I did front of house yesterday for eight hours, only a normal working day but twice as long as I expected to be and it wiped me out. That and the lack of sleep I'd had meant I could keep my eyes open after about eight o'clock and I succumbed to an early bedtime.

I woke up a few hours later and when I checked the time on my phone I saw a message that had been sent only about an hour previously: "Oh on something earlier - I still reckon if Jackie wins you should get a job as a caseworker for her :) You'd be dead good at it."

I think I reacted as I would have if this had been part of a dream, I wasn't as surprised as I think I'd have been if I'd really thought about this. It'd never occurred to me to be a caseworker or indeed any job in politics beyond the one I'd had when I first moved here, that earned me less than the dole so only people who couldn't get dole (me and students mostly) would do it.

But it was a flattering day for me being offered hypothetical political jobs. When discussing the contingency plan for if he won the seat for which he's prospective parliamentary candidate, [personal profile] po8crg said his first step would be to give me a job. Bless him! (In a very him fashion, he later amended this to his second step, after resigning his job so it wouldn't appear on the list of Members' Interests, but still!).

He said "I can't think of anyone better to run my Manchester office. And you'd make damn sure that I didn't forget accessibility in everything I do." And really if he ended up an MP it'd only be because we'd had enough of a landslide that we were the government, so he could hope to be Rail Minister and I'd have fun with all I could do about accessibility there!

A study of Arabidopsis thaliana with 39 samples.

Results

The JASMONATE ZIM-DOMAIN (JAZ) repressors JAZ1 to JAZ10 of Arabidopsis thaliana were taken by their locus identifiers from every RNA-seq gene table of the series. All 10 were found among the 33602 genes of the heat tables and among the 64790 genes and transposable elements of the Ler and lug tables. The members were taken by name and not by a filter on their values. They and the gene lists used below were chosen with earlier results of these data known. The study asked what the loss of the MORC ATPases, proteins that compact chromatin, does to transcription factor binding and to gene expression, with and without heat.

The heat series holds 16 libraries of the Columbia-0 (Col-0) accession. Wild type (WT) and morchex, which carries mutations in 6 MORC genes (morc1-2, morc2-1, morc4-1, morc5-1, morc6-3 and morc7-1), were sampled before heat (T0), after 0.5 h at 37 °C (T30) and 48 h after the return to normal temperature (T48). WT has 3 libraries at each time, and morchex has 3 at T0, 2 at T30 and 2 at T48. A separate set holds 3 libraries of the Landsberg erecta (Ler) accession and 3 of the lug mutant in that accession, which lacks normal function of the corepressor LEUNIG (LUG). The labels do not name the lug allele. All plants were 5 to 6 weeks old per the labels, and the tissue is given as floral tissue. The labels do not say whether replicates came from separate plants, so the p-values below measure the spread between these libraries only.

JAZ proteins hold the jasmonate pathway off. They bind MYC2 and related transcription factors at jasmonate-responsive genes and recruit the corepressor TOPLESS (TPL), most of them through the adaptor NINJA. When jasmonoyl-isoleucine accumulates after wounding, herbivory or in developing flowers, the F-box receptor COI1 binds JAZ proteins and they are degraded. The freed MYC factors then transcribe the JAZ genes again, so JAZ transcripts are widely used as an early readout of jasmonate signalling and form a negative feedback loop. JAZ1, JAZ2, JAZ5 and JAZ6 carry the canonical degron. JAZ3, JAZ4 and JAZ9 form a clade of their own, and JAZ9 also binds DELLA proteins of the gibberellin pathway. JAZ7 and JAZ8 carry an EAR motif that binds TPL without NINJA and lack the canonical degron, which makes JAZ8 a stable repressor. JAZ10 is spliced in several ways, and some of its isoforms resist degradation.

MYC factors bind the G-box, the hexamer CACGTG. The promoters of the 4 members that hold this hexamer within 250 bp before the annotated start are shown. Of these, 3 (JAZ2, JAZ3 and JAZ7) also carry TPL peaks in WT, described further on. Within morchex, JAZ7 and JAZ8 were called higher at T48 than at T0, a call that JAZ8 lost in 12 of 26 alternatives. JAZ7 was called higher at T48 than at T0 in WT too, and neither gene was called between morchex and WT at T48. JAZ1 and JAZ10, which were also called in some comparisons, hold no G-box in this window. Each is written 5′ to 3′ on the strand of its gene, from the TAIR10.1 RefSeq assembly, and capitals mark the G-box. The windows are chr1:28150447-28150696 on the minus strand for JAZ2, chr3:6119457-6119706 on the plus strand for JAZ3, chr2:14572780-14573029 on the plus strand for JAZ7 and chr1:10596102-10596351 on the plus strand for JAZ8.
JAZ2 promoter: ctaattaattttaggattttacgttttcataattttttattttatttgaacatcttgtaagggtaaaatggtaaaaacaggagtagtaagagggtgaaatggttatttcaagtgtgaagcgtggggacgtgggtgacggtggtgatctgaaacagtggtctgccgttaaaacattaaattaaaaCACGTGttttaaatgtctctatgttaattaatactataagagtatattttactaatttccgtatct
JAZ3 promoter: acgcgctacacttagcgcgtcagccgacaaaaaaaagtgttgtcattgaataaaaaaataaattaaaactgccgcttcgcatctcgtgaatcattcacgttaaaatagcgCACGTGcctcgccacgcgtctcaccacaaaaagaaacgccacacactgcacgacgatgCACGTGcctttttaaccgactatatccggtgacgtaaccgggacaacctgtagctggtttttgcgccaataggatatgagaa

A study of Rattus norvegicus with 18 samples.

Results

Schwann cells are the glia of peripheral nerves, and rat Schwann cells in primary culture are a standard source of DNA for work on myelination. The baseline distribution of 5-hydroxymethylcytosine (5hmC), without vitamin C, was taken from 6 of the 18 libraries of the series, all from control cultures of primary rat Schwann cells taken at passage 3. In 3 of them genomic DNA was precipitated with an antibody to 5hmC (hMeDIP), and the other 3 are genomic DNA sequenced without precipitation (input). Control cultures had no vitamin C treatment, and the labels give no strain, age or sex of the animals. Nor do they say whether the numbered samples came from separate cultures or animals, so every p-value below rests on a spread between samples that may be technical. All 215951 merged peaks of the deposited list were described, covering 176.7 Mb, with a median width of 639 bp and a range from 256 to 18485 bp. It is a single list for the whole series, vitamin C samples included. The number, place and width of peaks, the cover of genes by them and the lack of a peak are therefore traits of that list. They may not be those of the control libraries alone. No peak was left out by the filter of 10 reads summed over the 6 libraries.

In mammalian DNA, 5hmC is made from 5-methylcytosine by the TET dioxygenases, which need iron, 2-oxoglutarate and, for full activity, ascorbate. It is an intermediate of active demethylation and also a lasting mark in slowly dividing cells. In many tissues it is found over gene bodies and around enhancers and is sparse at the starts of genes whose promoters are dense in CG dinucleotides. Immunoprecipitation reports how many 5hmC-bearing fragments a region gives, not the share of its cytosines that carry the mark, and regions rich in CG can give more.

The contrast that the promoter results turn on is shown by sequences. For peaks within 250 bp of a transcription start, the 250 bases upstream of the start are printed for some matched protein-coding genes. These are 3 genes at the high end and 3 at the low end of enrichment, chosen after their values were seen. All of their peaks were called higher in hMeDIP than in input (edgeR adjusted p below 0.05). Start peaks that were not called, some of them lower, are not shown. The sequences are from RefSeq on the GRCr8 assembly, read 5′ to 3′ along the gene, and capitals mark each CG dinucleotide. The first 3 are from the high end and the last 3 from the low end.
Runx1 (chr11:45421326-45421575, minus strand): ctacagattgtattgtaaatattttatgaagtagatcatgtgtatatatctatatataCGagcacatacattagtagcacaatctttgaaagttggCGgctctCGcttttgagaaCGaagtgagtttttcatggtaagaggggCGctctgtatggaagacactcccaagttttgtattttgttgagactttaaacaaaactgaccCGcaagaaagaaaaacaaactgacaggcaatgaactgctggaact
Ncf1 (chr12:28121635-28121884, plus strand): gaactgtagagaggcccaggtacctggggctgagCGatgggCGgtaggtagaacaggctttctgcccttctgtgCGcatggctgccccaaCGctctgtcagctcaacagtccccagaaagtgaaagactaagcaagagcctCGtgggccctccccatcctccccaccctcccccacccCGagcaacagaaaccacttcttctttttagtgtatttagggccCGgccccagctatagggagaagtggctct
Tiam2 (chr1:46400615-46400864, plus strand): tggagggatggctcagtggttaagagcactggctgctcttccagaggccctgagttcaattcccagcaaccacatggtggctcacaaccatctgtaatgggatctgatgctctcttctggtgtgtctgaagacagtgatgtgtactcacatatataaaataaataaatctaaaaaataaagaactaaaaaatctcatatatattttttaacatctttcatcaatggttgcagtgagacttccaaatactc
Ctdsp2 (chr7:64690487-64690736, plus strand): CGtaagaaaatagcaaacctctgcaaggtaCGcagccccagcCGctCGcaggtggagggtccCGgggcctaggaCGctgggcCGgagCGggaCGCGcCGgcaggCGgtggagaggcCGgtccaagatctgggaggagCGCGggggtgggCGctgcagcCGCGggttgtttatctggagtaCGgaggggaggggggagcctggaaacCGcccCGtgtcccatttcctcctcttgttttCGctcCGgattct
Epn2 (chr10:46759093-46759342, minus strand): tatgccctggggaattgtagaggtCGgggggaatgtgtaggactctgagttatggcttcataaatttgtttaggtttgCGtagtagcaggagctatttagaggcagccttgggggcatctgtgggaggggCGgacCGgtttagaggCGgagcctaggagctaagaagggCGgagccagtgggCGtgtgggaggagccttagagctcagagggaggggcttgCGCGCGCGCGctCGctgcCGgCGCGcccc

In the meantime, for any of my friends lucky enough not to know what I'm talking about or why this passes for small talk among my friends, I've been recommending Argonauts of the incredibly specific: anthropological field notes on the Liberal Democrat animal, a long (and using an uncomfortable number of metaphorical allusions to African and Asian cultures in an uncomfortably superficial way) but hugely informative description of British politics in general and being a Lib Dem specifically. Not in terms of policies or individuals, but in procedures and patterns observed by someone who used to be one up until he wrote this. I find it hugely enjoyable to read in the same way I used to feel about song lyrics I identified with as a teenager: it's good to feel that someone out there really understands you.

And while there are bits I'd quibble with (I actually still believe conferences have a function beyond the kinship rituals, because we're writing policy and anyone can join in--a much underrated feature of being a Lib Dem, if you ask me), there's a lot I laughed at or nodded vigorously at too.

Anyway, here's what it says about the job I've been told I'd be good at.
Caseworkers are the closest approximation politicians have to real human beings. Obviously everybody looks down on them for not being “political”. Caseworkers tend to work 9–5 and have friends outside of politics. They also deal with real problems that happen in the real world. Unsurprisingly therefore caseworkers tend to be the most diverse and broadly representative political caste: there are caseworkers of all ages, races, genders and shudder classes.

It always amuses me that parties' plans to increase diversity seem to consist, not of turning politics into something a sane human being might want to do, but in convincing working-class BME women that they too should make the kind of mad irrational ego-driven choices that white twentysomething childless middle-class men do.